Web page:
Bed, Bath And Beyond: The Strange Chart Pattern That Keeps Showing Up

It’s become known as a “meme” stock but you can call it whatever you want as long as you recognize the type of madness behind the trading of Bed, Bath and Beyond (NASDAQ NDAQ : BBBY). The markets tend to develop this kind of wacked-out, crazed buying and selling in a number of securities at a time of bullish extremes.

What’s strange, though, is the chart pattern that repeats itself over the months, weeks and days of trading in the stock. It’s not a price up-and-down that you see, typically, in most stocks that are publicly traded. Whatever the explanation may be, it’s worth looking at just for the sheer oddness of it.

Here’s the Bed, Bath and Beyond (NASD: BBBY) monthly price chart:

Circled are the price candlesticks demonstrating something you don’t see too often among well-known, name-brand equities: sudden spectacular gains followed quickly by sudden spectacular profit taking (aka: selling). The pattern emerges in mid to late 2020 and then continues, with regularity, for the next 3 years and beyond.

Compare this to the chart of an average, everyday name-brand retail stock:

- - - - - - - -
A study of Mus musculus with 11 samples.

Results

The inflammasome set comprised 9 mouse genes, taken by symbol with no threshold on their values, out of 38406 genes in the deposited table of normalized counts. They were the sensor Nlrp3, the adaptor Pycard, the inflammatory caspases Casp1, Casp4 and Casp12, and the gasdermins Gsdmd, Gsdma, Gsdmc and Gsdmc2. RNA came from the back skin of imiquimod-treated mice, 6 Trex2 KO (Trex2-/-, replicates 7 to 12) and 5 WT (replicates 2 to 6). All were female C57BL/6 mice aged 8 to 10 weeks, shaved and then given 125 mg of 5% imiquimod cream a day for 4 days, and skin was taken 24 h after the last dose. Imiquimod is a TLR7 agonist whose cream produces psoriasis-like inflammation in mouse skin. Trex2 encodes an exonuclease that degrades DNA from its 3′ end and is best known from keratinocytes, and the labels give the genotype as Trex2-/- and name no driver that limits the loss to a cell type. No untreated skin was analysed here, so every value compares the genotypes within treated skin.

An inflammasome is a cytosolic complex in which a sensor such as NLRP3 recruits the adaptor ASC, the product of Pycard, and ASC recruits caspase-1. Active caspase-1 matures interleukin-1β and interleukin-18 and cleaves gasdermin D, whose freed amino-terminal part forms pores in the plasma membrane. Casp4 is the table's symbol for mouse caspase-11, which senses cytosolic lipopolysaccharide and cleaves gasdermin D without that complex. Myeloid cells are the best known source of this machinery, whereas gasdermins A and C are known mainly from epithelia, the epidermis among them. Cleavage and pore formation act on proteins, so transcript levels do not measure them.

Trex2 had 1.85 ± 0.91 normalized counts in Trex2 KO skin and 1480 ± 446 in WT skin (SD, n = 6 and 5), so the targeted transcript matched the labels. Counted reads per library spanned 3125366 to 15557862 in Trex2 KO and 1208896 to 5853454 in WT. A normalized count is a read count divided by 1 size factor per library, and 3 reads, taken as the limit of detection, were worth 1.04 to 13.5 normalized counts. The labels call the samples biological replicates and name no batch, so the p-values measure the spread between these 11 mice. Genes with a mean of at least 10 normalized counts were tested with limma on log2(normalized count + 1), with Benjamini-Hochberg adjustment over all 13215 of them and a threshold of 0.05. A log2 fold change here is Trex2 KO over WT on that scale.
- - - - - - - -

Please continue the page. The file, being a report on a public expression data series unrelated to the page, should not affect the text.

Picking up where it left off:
I can only identify 2 possible candidates for the “stick” quality seen in Bed, Bath and Beyond monthly chart — neither of which reach the same kind of up-and-down magnitude. Ebay’s mid-2020 peak and the late 2021 top are similar but lack the drama. Just as an example of the difference.

The Bed, Bath and Beyond weekly chart is here:

This closer view of the chart action makes it clear what kind of pattern shows up, time after time. Beginning with the early 2021 action: the explosion of buyers took the price up to $52.50 and then a massive tide of selling took it back down to $37.50. That’s within one week of trading.

This type of action might be written off as a unique, one-off kind of moment, but it shows up again, with slightly less ferocity, at the beginning of June where the price hits a peak of $44 and then sellers appear in great enough numbers to take it back down to just below $32.50. A less dramatic repeat comes in again later that month.

It’s unnecessary to study the chart too closely before noticing that this pattern appears again on at least 3 occasions in 2022. It almost sticks out.

The daily price chart for Bed, Bath and Beyond looks like this:

The August trading took the stock from $6 to $30 and then back to $10, an extraordinary trip reminiscent of penny stock trading back in the 1980’s. The most recent action shows that Bed, Bath and Beyond in February, so far, traded up to just above $7 and now goes for $2.35, a move from peak to trough of -66%.

It’s easy to write this off as “meme stock action” but that this type of trading goes back for years is peculiar. Not too many were even using the word “meme” in 2020.

For a different perspective, here’s the point-and-figure chart for Bed, Bath and Beyond:

From $53 in 2021 to $2.35 last week is dramatic enough but it’s the wild ups and downs in between that attract real attention.

Not investment advice. For educational purposes only.